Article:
Catalyzing innovative R&D for neglected tropical diseases, malaria, and tuberculosis
WIPO Re:Search is led by the World Intellectual Property Organization (WIPO) in partnership with BVGH and several leading pharmaceutical companies. Consortium membership includes academic and nonprofit research institutions, governmental and non-governmental organizations, and budding biotechnology companies committed to addressing the unmet medical needs of the developing world. Our 90+ Members represent 26 countries from six continents, including 18 African institutions. Download our Member list here.
The aim of the consortium is to accelerate the development of new drugs, vaccines, and diagnostics for neglected tropical diseases, malaria, and tuberculosis. BVGH creates partnerships that connect private industry’s assets and resources to qualified academic and nonprofit researchers with novel product discovery or development ideas.
BVGH’s leadership is critical to the Consortium’s success. As the Partnership Hub Administrator, BVGH proactively examines scientists’ current neglected disease research and proposes novel collaboration opportunities with other Members. BVGH also fields requests from researchers, identifies Member organizations able to fulfill these requests, and helps forge mutually beneficial collaborations with clearly-defined roles, responsibilities, and expectations.
Read the most recent news in the WIPO Re:Search Snapshot.
University of Lagos and Stanford University
Fever is a common symptom of patients in Nigeria. While malaria is prevalent in the region, bacteria, viruses, or other parasites can also be the cause. Determining the correct underlying condition is necessary both for patient care and developing a broader understanding of disease burdens and epidemiology across the country. Developing high-quality diagnostics is therefore a critical research and development objective.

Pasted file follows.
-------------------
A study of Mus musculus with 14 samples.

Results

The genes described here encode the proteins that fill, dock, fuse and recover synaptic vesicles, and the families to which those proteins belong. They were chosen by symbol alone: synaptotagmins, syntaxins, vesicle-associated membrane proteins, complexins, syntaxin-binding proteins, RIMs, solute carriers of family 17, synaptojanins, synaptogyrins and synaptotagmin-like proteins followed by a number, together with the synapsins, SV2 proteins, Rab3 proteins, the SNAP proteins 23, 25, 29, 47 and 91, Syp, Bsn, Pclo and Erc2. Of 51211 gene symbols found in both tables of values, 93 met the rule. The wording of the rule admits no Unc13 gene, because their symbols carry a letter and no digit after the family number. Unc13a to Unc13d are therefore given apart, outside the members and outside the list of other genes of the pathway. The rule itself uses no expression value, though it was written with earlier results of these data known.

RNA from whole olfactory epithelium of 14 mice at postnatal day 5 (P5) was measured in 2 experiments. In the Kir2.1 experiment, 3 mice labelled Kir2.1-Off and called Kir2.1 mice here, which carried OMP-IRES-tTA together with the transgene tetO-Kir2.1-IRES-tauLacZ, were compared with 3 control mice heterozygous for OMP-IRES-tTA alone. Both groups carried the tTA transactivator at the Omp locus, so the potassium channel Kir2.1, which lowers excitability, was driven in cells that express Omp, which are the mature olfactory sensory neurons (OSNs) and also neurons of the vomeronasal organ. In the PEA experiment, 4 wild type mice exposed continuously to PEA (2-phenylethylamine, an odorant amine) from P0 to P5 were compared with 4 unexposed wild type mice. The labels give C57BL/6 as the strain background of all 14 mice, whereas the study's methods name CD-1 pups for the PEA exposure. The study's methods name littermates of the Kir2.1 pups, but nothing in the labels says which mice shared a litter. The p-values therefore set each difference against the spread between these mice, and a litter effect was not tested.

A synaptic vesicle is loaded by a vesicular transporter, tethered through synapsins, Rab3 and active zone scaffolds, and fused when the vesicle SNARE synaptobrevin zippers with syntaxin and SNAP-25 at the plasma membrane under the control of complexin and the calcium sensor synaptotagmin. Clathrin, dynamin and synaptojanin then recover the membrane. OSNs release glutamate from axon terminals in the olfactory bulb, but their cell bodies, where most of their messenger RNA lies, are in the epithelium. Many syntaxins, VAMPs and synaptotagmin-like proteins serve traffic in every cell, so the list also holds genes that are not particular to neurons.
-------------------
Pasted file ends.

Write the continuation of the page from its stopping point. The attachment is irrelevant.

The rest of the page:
Ms. Chika Celen Okangba, a PhD student under Professor Wellington Oyibo at the University of Lagos, recently spent two months at Stanford University working with Dr. Jesse Waggoner in Professor Benjamin Pinsky’s lab to address this need. Dr. Waggoner taught Ms. Okangba how to extract nucleic acids from patient samples and perform RT PCR-based diagnostic assays. These samples, including plasma, serum, urine, and dried blood spots, were obtained from febrile patients in Nigeria. The diagnostic assays determined which of the pathogens common to the region caused the fever.
This collaboration began in October 2013 after BVGH connected the two professors. Professor Pinsky secured a Stanford International Affairs grant to fund Ms. Okangba spending October and November 2014 at his lab. In February 2015, Professor Oyibo visited Professor Pinsky in Palo Alto to continue the project, as well as to discuss publications and applying for joint grants.
If you are interested in becoming a member of the consortium or learning more, please email Katy Graef at email@example.com.